PUBLISHED: 12:08 25 June 2020 | UPDATED: 13:04 25 June 2020

The narrow Westbury Road in Ipswich is regularly used as a rat run between Colchester Road and Rushmere Road. Picture: JASON NOBLE

The narrow Westbury Road in Ipswich is regularly used as a rat run between Colchester Road and Rushmere Road. Picture: JASON NOBLE


Roadblocks will be placed at the end of Westbury Road close to the Rushmere Road junction. Picture: JASON NOBLERoadblocks will be placed at the end of Westbury Road close to the Rushmere Road junction. Picture: JASON NOBLE

From July 1, a six-month trial will begin which prevents rat-running in Leopold Road, Westbury Road and Norbury Road – three narrow roads regularly used by traffic between the busy Colchester Road and Rushmere Road routes.

MORE: Cycling measures in Suffolk unveiled for coronavirus lockdown easing

It comes after funding was made available as part of the coronavirus lockdown easing measures, where road changes will be made in key areas that can help encourage people to cycle rather than use their cars.

Sandra Gage, Suffolk county councillor for the Rushmere division, said: “For years these streets between Rushmere Road and Colchester Road have been plagued by unnecessary rat running.

“All three roads are narrow in places or all along their length, and the footways are narrow too.

The locations of the roadblocks in the Rushmere area of Ipswich to prevent rat-running. Picture: GOOGLE MAPSThe locations of the roadblocks in the Rushmere area of Ipswich to prevent rat-running. Picture: GOOGLE MAPS

“With only limited off-road parking for households, it is often difficult for residents to park, or leave their drive, or cross the road as pedestrians, or for children to walk to nearby schools while non-residents’ cars are driving through, often at speed.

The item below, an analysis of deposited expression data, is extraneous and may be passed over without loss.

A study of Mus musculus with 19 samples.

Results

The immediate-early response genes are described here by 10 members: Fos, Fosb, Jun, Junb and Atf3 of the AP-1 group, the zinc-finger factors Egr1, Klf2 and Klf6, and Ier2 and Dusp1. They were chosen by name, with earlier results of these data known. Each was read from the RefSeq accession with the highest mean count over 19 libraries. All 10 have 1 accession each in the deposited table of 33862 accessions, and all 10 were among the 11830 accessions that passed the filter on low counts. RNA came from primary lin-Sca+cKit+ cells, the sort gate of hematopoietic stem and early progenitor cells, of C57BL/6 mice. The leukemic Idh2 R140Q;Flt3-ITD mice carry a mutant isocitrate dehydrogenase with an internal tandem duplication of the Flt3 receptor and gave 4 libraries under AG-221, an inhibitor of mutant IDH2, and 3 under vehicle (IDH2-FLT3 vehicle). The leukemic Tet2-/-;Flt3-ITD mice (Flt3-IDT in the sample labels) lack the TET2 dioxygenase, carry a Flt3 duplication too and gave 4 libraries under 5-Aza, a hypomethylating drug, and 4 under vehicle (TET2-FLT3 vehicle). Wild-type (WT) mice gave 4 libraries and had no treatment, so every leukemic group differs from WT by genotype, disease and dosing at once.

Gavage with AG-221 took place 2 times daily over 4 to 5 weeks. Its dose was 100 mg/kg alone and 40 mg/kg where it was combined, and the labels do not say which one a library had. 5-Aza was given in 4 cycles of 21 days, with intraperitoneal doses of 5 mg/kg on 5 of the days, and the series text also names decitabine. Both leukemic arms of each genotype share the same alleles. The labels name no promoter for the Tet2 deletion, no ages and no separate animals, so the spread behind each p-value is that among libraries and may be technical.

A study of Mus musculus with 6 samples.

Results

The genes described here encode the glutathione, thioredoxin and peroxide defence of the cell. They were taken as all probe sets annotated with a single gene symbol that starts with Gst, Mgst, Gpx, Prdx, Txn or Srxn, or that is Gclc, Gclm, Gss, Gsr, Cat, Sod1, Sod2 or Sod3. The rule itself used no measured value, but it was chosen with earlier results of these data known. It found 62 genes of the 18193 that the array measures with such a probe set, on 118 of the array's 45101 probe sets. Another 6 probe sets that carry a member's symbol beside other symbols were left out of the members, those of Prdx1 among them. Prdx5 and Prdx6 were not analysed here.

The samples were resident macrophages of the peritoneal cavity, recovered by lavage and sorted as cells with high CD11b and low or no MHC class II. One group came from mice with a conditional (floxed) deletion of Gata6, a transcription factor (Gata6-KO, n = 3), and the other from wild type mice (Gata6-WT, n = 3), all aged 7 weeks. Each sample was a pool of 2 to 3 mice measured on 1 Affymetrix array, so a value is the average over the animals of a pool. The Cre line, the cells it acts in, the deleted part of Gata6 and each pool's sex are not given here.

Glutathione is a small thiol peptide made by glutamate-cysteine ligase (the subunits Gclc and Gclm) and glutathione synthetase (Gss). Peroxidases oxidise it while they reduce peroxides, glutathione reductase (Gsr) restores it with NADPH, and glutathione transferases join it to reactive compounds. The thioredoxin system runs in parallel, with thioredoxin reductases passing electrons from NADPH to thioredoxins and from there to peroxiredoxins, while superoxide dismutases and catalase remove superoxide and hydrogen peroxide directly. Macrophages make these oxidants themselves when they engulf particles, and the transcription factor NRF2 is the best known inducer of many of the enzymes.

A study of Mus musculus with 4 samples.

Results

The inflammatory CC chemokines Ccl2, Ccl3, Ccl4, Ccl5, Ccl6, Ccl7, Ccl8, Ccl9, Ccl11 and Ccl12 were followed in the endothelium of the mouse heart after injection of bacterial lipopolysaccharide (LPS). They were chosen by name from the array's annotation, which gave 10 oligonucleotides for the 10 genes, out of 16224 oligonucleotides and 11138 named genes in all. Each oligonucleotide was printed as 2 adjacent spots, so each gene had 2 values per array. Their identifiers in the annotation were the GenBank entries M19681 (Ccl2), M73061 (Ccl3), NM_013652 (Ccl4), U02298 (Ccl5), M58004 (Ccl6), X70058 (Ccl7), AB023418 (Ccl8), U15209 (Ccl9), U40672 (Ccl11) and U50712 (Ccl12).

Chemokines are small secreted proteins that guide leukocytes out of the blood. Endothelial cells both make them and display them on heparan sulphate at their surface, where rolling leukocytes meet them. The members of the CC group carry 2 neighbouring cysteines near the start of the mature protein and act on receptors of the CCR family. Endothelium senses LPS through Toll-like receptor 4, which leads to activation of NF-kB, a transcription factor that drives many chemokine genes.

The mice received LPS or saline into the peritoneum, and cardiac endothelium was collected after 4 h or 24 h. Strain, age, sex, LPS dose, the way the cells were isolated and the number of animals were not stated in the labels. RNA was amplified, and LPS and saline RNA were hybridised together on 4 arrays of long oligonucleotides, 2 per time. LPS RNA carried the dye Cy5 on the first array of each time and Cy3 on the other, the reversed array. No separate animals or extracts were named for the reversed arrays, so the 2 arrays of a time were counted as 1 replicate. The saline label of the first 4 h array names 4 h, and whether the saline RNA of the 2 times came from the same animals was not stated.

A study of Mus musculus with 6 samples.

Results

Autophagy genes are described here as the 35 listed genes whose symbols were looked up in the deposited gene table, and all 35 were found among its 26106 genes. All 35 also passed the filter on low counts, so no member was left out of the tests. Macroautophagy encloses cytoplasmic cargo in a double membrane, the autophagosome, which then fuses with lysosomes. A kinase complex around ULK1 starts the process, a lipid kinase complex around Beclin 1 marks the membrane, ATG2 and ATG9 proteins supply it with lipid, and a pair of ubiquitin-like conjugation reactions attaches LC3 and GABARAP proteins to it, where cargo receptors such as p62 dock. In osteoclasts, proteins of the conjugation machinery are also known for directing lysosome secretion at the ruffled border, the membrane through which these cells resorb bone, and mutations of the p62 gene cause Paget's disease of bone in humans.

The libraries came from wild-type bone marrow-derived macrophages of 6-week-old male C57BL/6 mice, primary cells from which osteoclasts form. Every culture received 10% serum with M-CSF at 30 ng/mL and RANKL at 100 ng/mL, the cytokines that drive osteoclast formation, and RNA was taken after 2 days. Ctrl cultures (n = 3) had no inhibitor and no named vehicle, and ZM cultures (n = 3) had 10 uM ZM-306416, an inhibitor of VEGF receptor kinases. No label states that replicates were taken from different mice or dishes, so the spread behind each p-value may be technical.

“This situation has become far more critical in the last three months.


Rushmere division councillor at Suffolk County Council, Sandra Gage, said closing the rat running routes between Colchester Road and Rushmere Road had been a problem for motorists for years. Picture: IBCRushmere division councillor at Suffolk County Council, Sandra Gage, said closing the rat running routes between Colchester Road and Rushmere Road had been a problem for motorists for years. Picture: IBC

The measures will feature roadblocks placed at the Rushmere Road end of Westbury Road and the Leopold Road junction with Sidegate Avenue.

It means that those who live in those roads can still come and go or welcome visitors, deliveries can be made and refuse crews can collect waste, but prevents cars using them as a shortcut.

Ms Gage has written to the homes in those three roads outlining the measures, and urged people to share their thoughts on the trial or highlight any problems which may arise.

A survey carried out by Ms Gage in 2016 of homes in Westbury Road and Norbury Road found 83% thought rat running was the biggest traffic concern.

The narrow part of Leopold Road which causes an issue when motorists use the road as a shortcut. Picture: JASON NOBLEThe narrow part of Leopold Road which causes an issue when motorists use the road as a shortcut. Picture: JASON NOBLE

While questions have previously been asked about solutions to the problem, funding had not been available in previous years.

The coronavirus fund for road improvements meant the trial changes could begin this year, and costs around £2,000 to trial.

It is hoped that the initial roadblocks to begin the scheme can be replaced with more attractive planters this summer.

Ms Gage added: “We have a unique opportunity now with car traffic down by 40% and cycling and walking at levels not seen in decades, to try something different. It is a chance to improve the quality of life where people live, reduce air pollution, create safer spaces, and support cycling and walking for short journeys.”